I’d been curious to read this for a short while. I considered buying a copy to read on the flight when I went to Vermont last week, but picked the book about the Iran hostage crisis instead. Then, at my grandmother’s house as I got ready for bed, what should I see on the shelf?
The next day I asked her about it. She said she had loved it. When I asked if I could borrow and read it, she recommended it enthusiastically.
I’m not obsessed with royalty as some are. I consider royals at best to be a quaint throwback of the past. But I am sensitive to the virtues of leadership, even for those whose opportunity to lead seems arbitrary or undeserved. While the «Cinderella story» aspect didn’t do much for me, her reporting of world affairs from her perspective did.
I’m taking her version with a grain of salt, of course. Especially regarding Israel and the Palestinians. Even the things I’ll believe I’ll probably never repeat because if I cite her as a source the fact that she is an Arabist partisan will automatically disqualify anything she wrote to someone with another version of events.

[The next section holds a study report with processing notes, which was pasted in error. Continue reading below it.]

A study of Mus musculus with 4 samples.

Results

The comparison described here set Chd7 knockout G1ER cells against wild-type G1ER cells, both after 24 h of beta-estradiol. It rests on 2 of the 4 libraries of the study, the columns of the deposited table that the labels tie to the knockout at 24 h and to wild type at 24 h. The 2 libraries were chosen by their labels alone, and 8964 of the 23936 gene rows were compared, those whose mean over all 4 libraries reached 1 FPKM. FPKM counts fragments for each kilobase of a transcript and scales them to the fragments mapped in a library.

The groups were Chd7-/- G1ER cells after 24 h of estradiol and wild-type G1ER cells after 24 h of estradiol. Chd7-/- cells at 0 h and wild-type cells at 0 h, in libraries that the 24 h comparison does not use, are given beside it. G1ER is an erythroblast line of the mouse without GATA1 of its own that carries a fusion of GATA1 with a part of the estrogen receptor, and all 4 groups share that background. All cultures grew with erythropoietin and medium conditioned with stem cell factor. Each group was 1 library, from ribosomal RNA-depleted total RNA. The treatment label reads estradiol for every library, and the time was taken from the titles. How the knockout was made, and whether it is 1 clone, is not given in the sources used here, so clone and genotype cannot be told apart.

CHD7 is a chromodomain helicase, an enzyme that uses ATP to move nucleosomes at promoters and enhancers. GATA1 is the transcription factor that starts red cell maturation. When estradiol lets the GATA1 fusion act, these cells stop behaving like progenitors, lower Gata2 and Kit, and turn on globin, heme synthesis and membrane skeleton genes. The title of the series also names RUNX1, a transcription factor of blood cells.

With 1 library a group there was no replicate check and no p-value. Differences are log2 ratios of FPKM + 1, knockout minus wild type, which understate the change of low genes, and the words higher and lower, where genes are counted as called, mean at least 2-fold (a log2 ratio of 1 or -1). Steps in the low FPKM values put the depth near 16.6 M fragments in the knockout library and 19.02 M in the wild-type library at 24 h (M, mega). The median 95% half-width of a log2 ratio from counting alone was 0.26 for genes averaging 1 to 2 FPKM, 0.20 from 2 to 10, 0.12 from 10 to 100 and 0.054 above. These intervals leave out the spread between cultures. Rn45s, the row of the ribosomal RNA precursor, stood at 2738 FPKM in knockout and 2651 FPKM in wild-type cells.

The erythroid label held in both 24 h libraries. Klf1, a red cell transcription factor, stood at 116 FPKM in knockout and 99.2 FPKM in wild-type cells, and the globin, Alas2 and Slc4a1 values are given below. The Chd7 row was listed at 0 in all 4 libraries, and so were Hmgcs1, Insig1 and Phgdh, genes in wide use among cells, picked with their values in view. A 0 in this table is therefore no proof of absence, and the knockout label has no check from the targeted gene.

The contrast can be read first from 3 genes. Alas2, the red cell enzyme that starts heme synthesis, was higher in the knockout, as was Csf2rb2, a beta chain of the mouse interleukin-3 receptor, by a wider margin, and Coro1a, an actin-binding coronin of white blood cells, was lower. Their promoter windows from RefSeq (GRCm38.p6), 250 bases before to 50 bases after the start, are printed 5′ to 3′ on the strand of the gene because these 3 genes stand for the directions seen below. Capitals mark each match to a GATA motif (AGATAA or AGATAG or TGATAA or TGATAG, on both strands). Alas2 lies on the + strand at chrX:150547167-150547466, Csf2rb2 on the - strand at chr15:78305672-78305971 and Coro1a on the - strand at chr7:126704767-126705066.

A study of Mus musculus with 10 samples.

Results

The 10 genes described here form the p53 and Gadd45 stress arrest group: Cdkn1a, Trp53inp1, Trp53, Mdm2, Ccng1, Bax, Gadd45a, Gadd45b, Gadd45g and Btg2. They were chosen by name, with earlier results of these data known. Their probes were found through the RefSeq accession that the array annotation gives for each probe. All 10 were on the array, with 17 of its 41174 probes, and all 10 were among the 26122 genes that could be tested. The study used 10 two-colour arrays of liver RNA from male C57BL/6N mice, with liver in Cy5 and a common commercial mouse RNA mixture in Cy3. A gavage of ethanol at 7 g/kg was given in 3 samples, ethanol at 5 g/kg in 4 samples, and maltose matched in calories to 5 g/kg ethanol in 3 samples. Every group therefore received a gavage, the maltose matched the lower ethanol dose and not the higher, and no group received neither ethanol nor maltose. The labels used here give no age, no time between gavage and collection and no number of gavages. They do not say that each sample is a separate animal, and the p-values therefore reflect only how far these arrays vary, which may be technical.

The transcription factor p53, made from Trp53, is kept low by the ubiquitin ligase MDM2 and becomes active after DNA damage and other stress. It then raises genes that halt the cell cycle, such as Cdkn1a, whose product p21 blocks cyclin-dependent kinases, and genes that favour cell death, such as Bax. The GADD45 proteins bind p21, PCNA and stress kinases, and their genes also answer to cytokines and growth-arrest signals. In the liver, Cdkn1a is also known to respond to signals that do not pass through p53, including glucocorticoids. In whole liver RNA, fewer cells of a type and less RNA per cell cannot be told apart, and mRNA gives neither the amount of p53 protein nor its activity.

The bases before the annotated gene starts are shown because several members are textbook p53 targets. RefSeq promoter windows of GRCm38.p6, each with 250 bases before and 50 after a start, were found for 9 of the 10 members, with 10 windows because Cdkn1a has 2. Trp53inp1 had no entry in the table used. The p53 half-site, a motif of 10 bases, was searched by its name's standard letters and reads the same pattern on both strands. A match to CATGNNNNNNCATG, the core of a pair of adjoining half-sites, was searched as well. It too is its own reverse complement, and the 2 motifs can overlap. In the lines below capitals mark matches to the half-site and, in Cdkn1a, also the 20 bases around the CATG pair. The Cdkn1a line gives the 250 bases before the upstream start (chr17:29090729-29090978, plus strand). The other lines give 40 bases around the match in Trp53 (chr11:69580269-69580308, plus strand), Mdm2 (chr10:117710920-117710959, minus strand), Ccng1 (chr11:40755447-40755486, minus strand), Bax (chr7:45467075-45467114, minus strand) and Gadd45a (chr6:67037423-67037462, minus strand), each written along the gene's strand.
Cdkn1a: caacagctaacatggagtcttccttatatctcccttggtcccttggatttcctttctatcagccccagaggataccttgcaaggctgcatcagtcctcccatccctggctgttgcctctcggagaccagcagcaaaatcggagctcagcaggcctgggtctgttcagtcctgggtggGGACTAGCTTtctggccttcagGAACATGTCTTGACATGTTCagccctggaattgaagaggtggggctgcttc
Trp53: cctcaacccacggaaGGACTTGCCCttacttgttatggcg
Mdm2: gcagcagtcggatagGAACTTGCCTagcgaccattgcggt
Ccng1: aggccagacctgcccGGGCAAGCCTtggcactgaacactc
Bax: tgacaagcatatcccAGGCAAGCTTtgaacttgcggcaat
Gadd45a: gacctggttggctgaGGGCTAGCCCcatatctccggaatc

Nonetheless, it was refreshing to read the version of events that goes completely ignored in the U.S. Even Israeli journalists give more voice to debate about the Arab-Israeli conflicts than American journalists do. How many more times do I have to hear about Arafat turning down «the best offer ever proposed»? The Reagan Plan was far more favorable to the Palestinians than anything Clinton’s team dreamed up (try getting that fact past liberals or conservatives in this countryno one wants to hear it). Arafat was a thug and not particularly smart, but not the totally irrational demon he’s made out to be.
Noor eloquently spelled out the frustrations she and most of the rest of the world have with the U.S. without ever pointing the finger of blame or disparaging the U.S. In today’s «with us or against us» climate, articulate, calm opposition is sadly underrepresented.
At times Noor’s accounts are self-indulgent, but hey, what part of memoirs aren’t? I also had the impression she was acutely aware of her readers and took pains to spin events to avoid criticism. Even so, I found it to be a good read and would recommend it.